Raja Kaul of Amityville-based Sundial Brands speaks in

Raja Kaul of Amityville-based Sundial Brands speaks in Old Westbury on Tuesday, Oct. 17, 2017, about his company's growth overseas. Credit: Howard Schnapp

Endorsements, reviews and even “likes” by U.S. customers on social media such as Facebook and Twitter can help to open foreign markets to local exporters, a top executive told a business audience this week.

An enthusiastic customer base domestically has helped Sundial Brands LLC begin selling its beauty products in seven countries this year. Previously, the Amityville-based company only supplied markets in the United States and United Kingdom.

Chief operating officer Raja Kaul said Sundial had little choice but to quickly ramp up its exports to meet international demand, much of it stemming from comments on social media.

“Our consumers are big supporters and advocates. . . . This has been true especially on social media,” he told about 100 people at an exporting event Tuesday on the Old Westbury campus of New York Institute of Technology. “Our consumers have been in the forefront of seeding international markets for us.”

Kaul was the keynote speaker for the half-day workshop organized by the Long Island office of the U.S. Commercial Service, a unit of the U.S. Commerce Department.

Sundial is among a growing number of local manufacturers selling products in other countries. Long Island businesses exported $9.8 billion in goods in 2015, a 53 percent increase from 2005, according to the latest available data from the U.S. Census Bureau.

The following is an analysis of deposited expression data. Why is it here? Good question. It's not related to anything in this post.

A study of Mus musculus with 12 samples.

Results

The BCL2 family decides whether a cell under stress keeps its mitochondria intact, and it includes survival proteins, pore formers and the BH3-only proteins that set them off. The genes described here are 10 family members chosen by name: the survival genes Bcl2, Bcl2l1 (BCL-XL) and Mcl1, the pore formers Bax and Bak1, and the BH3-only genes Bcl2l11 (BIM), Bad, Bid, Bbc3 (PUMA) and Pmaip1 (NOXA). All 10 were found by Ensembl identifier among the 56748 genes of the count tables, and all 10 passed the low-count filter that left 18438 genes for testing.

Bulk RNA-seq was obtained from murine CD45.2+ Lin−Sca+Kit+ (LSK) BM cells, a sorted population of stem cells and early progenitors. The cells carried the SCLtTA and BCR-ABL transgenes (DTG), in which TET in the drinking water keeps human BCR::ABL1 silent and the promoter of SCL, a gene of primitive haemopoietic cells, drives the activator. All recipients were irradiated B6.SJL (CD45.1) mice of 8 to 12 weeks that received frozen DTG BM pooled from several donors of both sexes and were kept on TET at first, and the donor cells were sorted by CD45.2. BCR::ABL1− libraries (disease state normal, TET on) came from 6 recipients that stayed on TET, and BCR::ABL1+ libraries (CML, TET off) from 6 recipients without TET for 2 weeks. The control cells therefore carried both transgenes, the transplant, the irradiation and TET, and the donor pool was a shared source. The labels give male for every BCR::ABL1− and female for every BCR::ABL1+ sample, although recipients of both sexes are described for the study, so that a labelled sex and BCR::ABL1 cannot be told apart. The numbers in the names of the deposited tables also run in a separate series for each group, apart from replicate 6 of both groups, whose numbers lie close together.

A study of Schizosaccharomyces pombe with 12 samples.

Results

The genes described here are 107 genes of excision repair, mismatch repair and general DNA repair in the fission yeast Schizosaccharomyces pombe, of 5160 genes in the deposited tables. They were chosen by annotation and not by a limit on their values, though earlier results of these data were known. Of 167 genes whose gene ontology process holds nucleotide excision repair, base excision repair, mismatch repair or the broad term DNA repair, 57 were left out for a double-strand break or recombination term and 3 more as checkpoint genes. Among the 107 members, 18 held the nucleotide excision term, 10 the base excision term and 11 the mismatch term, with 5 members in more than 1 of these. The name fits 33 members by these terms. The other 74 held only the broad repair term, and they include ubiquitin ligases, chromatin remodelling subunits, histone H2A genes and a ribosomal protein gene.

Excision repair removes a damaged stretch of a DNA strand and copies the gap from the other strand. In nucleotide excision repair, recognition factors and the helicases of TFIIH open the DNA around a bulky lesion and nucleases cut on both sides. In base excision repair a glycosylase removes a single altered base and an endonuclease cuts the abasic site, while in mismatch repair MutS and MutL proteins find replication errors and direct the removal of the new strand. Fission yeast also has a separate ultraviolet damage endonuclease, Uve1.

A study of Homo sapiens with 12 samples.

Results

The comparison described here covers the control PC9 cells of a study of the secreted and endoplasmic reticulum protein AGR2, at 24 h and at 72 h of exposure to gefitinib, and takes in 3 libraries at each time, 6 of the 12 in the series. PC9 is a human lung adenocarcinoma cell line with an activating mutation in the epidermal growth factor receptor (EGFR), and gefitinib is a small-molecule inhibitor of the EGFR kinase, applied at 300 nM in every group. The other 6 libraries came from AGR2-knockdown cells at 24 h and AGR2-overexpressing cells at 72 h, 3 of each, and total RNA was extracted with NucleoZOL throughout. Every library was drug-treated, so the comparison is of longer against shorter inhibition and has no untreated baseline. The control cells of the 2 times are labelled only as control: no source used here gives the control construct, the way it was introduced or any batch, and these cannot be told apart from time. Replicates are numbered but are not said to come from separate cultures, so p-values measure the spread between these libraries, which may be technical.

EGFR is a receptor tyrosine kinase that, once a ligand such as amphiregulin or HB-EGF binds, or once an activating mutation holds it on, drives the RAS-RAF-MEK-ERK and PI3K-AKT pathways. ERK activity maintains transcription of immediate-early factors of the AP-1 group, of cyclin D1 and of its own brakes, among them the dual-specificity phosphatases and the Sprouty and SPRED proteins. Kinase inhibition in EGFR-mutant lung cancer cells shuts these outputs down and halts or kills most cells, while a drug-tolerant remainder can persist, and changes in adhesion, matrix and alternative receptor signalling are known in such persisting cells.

Sundial’s domestic customers have been sending its SheaMoisture and Nubian Heritage hair care and skin care products to friends and relatives overseas. International visitors have filled suitcases with the products for use upon their return home, Kaul said.

These activities have spurred foreign retailers in South Africa, Kenya and elsewhere to order the products. “We call this global pull,” Kaul said.

Sundial was founded in New York State, but it has its roots in Sierra Leone and Liberia. CEO Richelieu Dennis initially started the business with his mother, Mary, and college roommate, Nyema Tubman, to provide beauty products made from natural ingredients to African-American women.

Sundial now employs about 300 people at facilities in Amityville and Farmingdale. In 2015 the private equity firm Bain Capital LLC purchased a minority stake in the family-owned company for an undisclosed amount.

The investment has helped fuel Sundial’s expansion at home and abroad.

Kaul credited the company’s entry into Kenya to assistance from the U.S. Commercial Service. He said the service’s Long Island director, Susan Sadocha, helped arrange a trip to Kenya in April. Sundial secured a distributor and began selling there last month.